Living with a Cat Allergy and a Cat


There’s nothing sadder than being a cat lover who’s allergic to cats. Luckily, if cats are having you all wheezing and sneezing, you’ll be happy to learn that there are ways around this that don’t include giving away your beloved pet.

What Causes Cat Allergies?

In order to tackle these issues, you should get familiarized with them. First of all, when speaking about allergies in general, oversensitive immune systems are the main culprits behind people developing problems. The bodies of the afflicted mistake harmless things, such as cat dander, for things that can cause harm. Their immune systems then act the same way as they would when fighting bacteria or viruses. This is where the allergy symptoms kick in.


When talking about pets here, cat allergies are significantly more common than dog allergies. This having been said, it’s not the fur or hair that’s the real problem here – people are actually allergic to protein found in cat saliva, urine and dander!

It is vital that you actually make sure that it is the cat allergy that you have – you might be allergic to things such as pollen, mold and other stuff that cats can bring in from outside!

Cat Allergy Symptoms

Here are some common cat allergy symptoms:


  • Wheezing, sneezing and coughing
  • Red, itchy eyes
  • Redness of the skin where you were in contact with your cat
  • Runny nose
  • Hives or rash on the chest and face

How to Treat Them?

Skin prick allergy test
Skin prick allergy test

Cat allergies are no different than any other type of allergies and standard drugs include:

  • Antihistamines, such as Benadryl, Zyrtec, Claritin, etc.
  • Decongestants, such as Allegra-D and Sudafed
  • Nasal steroid sprays, such as Rhinocort, Flonase, Nasacort, etc.

There is, however, another way of treating cat allergies – allergy shots. These aren’t always effective and completely finishing the treatment can actually take years, but there is no way of actually preventing an allergy. If you expose your kid to pets at a very young age, chances are that the risk of developing pet allergies will be decreased. Careful with this, though, a child who has allergic tendencies may quickly worsen when exposed to pets!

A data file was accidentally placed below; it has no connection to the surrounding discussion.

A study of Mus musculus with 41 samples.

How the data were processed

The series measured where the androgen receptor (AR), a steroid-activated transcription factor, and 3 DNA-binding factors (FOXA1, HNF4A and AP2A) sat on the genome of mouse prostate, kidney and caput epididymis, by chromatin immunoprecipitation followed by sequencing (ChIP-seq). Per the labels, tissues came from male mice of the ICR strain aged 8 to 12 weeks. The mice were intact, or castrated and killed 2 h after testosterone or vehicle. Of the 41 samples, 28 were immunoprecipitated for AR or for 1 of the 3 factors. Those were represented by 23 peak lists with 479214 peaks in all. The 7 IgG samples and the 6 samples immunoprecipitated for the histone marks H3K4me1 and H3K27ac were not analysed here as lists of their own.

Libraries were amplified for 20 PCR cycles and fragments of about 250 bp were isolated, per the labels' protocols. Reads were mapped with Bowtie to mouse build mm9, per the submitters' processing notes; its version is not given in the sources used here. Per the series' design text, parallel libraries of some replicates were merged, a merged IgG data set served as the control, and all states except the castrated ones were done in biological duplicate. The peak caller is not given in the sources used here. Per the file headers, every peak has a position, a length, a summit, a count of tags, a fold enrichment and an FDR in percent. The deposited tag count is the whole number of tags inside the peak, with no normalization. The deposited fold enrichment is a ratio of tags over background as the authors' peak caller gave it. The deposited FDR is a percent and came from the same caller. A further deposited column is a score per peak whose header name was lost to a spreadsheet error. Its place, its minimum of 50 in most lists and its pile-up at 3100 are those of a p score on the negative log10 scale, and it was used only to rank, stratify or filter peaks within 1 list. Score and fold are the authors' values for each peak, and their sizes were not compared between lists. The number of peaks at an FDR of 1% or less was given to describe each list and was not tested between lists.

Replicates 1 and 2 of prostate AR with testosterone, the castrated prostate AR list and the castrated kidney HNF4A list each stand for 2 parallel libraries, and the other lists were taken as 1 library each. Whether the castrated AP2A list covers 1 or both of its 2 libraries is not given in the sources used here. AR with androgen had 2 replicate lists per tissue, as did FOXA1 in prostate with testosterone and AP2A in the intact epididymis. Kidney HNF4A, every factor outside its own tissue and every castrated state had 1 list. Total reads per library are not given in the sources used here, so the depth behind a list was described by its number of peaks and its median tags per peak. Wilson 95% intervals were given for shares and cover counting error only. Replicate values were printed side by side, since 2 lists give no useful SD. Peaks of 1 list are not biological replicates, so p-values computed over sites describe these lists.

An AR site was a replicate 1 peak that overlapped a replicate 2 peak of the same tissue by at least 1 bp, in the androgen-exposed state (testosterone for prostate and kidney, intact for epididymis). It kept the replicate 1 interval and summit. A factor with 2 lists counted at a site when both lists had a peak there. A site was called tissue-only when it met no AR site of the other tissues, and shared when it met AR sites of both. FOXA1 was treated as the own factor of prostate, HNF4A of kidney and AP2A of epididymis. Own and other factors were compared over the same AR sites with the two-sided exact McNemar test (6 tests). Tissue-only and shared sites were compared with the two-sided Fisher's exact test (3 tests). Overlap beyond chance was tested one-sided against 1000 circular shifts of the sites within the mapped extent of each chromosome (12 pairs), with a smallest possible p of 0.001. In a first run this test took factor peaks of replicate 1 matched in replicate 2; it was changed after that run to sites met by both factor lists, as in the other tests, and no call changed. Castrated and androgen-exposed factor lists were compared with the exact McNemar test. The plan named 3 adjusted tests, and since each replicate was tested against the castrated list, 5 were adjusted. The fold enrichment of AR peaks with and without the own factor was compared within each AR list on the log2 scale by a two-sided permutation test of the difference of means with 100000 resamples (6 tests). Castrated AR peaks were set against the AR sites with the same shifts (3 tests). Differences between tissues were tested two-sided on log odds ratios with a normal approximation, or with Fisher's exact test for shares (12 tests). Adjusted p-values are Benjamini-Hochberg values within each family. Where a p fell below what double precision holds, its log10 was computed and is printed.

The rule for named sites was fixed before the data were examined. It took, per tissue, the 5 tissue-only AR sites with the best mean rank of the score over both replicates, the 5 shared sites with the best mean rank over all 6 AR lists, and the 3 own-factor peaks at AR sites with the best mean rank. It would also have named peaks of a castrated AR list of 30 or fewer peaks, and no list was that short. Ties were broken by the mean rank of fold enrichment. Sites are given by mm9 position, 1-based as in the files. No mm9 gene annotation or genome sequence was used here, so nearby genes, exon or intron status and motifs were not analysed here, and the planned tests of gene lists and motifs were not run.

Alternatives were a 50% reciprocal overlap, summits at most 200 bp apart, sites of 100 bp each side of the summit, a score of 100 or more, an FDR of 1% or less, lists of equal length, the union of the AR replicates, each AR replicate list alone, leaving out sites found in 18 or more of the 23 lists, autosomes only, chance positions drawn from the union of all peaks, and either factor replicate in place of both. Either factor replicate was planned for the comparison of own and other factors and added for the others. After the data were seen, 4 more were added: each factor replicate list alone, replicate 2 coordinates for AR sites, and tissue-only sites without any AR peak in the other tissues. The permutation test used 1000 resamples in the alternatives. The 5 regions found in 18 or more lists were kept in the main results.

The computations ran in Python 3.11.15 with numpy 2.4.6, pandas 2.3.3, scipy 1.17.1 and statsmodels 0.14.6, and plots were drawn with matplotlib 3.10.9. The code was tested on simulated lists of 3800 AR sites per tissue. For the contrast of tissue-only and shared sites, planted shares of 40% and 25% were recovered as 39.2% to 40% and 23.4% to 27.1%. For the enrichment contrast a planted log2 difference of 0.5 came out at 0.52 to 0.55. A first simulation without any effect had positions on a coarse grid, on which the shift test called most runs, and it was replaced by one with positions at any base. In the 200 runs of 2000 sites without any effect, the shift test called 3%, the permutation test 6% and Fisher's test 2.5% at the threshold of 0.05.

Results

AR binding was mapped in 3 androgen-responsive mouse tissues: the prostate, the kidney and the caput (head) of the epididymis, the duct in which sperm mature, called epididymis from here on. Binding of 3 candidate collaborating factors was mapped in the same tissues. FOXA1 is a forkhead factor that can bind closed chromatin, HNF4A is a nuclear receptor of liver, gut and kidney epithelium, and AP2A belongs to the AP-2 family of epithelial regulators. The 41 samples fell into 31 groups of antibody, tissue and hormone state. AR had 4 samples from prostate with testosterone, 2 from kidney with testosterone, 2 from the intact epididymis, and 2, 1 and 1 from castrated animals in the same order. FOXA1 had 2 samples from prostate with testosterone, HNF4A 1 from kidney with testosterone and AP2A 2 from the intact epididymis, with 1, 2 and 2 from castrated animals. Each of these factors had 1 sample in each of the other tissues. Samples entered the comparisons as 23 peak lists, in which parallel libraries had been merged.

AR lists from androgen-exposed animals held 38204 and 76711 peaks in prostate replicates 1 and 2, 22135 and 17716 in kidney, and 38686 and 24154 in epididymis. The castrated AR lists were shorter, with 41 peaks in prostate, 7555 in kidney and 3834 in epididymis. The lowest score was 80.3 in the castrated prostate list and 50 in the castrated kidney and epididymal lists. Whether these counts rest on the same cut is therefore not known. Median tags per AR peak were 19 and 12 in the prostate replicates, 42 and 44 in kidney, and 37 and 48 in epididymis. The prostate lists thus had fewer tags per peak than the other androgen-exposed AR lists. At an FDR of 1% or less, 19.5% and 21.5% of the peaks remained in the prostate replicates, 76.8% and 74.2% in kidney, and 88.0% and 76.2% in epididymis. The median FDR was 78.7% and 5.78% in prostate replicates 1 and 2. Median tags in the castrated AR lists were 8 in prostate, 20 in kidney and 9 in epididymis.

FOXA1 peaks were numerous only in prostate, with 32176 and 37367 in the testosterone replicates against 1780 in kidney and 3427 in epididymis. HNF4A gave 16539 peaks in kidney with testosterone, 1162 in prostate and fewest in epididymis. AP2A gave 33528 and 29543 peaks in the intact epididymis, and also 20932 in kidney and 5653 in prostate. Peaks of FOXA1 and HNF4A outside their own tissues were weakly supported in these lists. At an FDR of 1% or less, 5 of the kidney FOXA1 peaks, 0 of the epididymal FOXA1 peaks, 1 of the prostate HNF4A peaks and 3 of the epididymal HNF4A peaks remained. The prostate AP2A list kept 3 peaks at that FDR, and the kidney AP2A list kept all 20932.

Living with Cats and Cat Allergies

As mentioned, pet fur isn’t to be blamed for allergic reactions in itself, but rather things such as pollen, dust and mold, which can collect in a pet’s fur. This is why it is vital that you regularly bathe your pet. Three days are usually enough for the allergen levels in pet fur to return to normal, so bathing your pet every other day is recommended if you have allergies.

Designating “pet free” zones within your home is also an excellent way to keep the allergen levels at bay. While it may be difficult to keep cats out of certain rooms, putting cat accessories in other rooms may be enough of a distraction for your pet to come to terms with not being able to visit every room in the house.

Keep in mind that you’ll have to clean often. Very often! Unless you perpetually snuggle with your pet, it is dander that gets into the air that causes allergic reactions. Depending on how severe your problem is, you might have to clean your home, even on a daily basis; but nothing can stop you from being with your favorite animal, right?

Living with a cat and cat allergies may not be easy, but it’s certainly achievable. If you truly love your pet and consider it a part of your family, there should be no insurmountable obstacles. Keep taking the right medication(s), bathe your cat and clean your home regularly.